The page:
Cricket: Fletcher left none the wiser
Saturday 14 August 1993
KEITH FLETCHER has been at Leicester these past two days. On Thursday, he witnessed the ideal formula for England to avoid losing Tests (thunder, lightning and hailstones) and yesterday he watched Matthew Maynard plundering runs off moderate bowling. In other words, he learned nothing he did not know already.
Glamorgan are having a serious dart at the County Championship this summer, a competition they last won when the Americans just pipped them for the most eyebrow-raising achievement of 1969 by landing a man on the moon. On that occasion, the Stars and Stripes were planted on only a marginally more pockmarked and desolate landscape than the Grace Road square, which is why, despite the loss of almost a full day's play, Glamorgan will consider themselves handily placed this morning with maximum batting points and a couple of cheap Leicestershire wickets in the bag.
Leicestershire currently represent handy opposition for teams with designs on a trophy. Nigel Briers, the captain, is out injured for the rest of the season, Laurie Potter is dropped and on the transfer list, Winston Benjamin has been paid off early, and Alan Mullally, one of the reasons for Fletcher's visit, is injured.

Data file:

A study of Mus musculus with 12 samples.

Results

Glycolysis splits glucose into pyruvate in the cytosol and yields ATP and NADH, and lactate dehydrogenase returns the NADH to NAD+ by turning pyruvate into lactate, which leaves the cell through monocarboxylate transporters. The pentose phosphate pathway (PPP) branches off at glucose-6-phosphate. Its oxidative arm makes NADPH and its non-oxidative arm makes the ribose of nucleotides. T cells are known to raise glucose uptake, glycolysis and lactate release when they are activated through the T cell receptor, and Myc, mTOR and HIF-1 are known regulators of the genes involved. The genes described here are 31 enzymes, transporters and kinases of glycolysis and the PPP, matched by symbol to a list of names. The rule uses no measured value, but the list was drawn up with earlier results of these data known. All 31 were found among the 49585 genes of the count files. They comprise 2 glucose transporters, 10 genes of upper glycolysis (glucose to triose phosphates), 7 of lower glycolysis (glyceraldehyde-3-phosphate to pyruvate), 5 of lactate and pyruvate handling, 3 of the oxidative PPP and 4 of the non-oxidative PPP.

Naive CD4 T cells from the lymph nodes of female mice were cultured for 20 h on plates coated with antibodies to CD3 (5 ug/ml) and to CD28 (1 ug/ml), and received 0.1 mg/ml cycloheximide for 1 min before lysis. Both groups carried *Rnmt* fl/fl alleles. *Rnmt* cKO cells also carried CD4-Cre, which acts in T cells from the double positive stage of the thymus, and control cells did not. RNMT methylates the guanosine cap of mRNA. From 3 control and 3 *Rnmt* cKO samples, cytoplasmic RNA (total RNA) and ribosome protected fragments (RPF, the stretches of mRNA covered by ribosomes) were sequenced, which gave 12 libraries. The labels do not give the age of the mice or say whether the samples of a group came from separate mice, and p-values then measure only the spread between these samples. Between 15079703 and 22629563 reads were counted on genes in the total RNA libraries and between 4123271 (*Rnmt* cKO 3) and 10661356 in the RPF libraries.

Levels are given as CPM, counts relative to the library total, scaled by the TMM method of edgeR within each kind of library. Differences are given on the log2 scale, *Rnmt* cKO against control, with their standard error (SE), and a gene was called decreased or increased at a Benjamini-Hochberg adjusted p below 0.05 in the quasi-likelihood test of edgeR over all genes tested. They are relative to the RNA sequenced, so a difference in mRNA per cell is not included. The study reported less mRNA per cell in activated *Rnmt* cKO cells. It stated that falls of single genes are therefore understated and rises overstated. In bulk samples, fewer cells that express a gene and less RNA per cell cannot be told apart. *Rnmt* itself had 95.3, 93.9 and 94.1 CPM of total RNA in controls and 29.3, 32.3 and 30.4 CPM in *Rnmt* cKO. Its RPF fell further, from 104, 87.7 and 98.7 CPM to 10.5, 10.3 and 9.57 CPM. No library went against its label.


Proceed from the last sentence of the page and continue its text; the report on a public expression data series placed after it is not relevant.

David Millns has just returned from injury, and after taking 2 for 14 from his six overs on Thursday, his lack of fitness showed yesterday when his next six brought him 0 for 48. This was largely because he had the misfortune to be bowling to Maynard in one of his January sales moods - everything must go - and Maynard's brilliant 82 from 87 balls (14 fours) illuminated a day of graft and grind.
The pitch, untrustworthy in bounce and offering help for the spinners, will not get any better, and Tony Cottey's more prosaic innings of 105 was just as valuable as Maynard's in the Glamorgan scheme of things. David Hemp, deputising in Viv Richards' temporary absence, made a limpet- like 62, and he and Cottey put on 169 for the fifth wicket.
Glamorgan still hope to win the Sunday league as well as the Championship, and after losing their NatWest semi-final there will be a few tears shed in the Principality if they end up with nothing. Whatever happens, they now have a decent team, a membership of 10,500 and the old jokes have all but died a death.